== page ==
Apple has filed a lawsuit against a former recycling partner, claiming it was double-dipping by not only getting paid to disassemble Apple products, but by also reselling more than 100,000 of them on the consumer market.
In an internal audit of more than a half-million Apple iPhones, iPads, and Apple Watches, Apple discovered that 18 percent of those devices (103,845 all told) were still accessing the internet via various cellular networks -- and that number could be even higher because of all the devices that are accessing the web via Wi-Fi.
In a statement given to The Verge, Apple said that products “sent for recycling are no longer adequate to sell to consumers and if they are rebuilt with counterfeit parts they could cause serious safety issues, including electrical or battery defects.”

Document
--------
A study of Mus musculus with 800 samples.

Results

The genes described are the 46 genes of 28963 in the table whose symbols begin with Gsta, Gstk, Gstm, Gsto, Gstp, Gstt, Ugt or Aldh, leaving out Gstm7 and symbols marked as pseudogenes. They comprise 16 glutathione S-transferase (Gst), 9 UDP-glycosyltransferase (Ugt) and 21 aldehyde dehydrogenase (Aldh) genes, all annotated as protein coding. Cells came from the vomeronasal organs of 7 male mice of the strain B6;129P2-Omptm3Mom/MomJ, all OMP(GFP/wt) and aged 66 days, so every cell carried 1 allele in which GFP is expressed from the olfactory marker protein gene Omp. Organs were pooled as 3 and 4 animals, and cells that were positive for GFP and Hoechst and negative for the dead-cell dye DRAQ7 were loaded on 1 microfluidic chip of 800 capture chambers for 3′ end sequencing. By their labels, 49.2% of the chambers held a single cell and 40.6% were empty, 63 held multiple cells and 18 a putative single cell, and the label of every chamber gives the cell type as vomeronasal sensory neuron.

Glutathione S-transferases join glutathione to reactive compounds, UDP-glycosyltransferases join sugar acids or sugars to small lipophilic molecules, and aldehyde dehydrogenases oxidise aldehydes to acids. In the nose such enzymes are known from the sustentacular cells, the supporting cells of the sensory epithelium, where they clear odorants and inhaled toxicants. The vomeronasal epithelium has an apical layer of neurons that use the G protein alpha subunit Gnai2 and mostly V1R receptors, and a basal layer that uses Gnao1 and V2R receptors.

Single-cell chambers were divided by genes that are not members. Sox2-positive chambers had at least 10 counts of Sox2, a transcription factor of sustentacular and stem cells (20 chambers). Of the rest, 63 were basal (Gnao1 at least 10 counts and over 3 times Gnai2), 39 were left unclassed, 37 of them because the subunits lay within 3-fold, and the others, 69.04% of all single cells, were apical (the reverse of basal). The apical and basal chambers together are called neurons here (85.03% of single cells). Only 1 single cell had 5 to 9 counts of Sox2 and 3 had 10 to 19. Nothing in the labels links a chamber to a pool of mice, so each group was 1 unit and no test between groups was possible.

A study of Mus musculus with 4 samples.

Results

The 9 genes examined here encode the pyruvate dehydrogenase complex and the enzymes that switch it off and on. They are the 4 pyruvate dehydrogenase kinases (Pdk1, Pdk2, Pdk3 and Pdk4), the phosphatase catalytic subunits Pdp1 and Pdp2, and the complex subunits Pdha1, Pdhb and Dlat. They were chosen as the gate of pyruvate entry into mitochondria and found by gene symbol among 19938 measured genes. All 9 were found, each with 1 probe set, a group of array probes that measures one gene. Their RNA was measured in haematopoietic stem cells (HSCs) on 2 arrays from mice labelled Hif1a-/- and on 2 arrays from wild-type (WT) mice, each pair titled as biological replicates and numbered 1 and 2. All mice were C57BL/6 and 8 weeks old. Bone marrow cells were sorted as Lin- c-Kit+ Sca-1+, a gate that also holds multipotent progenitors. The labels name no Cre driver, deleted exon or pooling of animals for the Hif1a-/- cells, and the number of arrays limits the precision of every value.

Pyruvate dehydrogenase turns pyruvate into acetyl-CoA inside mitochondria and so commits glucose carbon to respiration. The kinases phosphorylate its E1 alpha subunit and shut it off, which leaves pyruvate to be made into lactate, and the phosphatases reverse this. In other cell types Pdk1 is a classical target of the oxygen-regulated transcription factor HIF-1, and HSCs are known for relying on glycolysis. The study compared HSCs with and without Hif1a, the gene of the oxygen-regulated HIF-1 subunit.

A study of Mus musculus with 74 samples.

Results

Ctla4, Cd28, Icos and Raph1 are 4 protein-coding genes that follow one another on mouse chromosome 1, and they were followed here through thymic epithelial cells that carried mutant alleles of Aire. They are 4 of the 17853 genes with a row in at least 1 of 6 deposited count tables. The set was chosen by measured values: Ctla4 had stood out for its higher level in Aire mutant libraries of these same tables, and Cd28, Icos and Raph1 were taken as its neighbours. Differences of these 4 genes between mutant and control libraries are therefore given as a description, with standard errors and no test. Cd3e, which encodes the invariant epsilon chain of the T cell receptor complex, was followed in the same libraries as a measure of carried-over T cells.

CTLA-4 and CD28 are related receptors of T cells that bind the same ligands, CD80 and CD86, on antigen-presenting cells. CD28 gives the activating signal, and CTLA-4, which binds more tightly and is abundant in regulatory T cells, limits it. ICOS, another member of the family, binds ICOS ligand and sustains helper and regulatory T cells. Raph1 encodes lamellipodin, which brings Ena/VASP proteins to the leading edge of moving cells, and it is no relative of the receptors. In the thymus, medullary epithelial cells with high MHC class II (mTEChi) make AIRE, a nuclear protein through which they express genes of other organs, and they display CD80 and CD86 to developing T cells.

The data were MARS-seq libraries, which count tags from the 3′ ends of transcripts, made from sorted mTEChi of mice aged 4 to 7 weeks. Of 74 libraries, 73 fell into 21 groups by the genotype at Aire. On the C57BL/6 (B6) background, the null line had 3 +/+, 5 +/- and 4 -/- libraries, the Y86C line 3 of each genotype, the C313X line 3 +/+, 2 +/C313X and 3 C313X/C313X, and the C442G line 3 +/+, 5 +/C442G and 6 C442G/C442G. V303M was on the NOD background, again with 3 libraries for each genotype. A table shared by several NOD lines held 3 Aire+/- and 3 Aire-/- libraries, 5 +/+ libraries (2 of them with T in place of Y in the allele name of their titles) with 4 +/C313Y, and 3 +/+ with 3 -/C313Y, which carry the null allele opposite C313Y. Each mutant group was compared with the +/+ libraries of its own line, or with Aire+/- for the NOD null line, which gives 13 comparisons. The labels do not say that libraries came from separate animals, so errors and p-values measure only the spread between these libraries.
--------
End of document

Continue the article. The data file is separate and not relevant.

The company on the wrong end of the stick in this situation is GEEP Canada, now owned by Quantum Lifecycle, a company that claims it recycles electronics “the right way” for big-name companies like Apple, Dell, HP, IBM, Acer, Asus, Lenovo, Samsung, and more.
Apple is filing suit against GEEP for a minimum of $31 million Canadian dollars (roughly $23.4 million U.S.)
Thousands of pounds of devices
In Apple’s lawsuit, it claims that GEEP actually confirmed that nearly 12,000 pounds of Apple devices lift GEEP’s premises without being destroyed, according to coverage of the situation by The Logic (via AppleInsider).
GEEP doesn’t deny there was a theft, but it places the blame squarely on the shoulders of three employees who filched the devices on their own for their own personal gain. Apple’s not buying that story, insisting that those employees were actually senior management at the recycling company.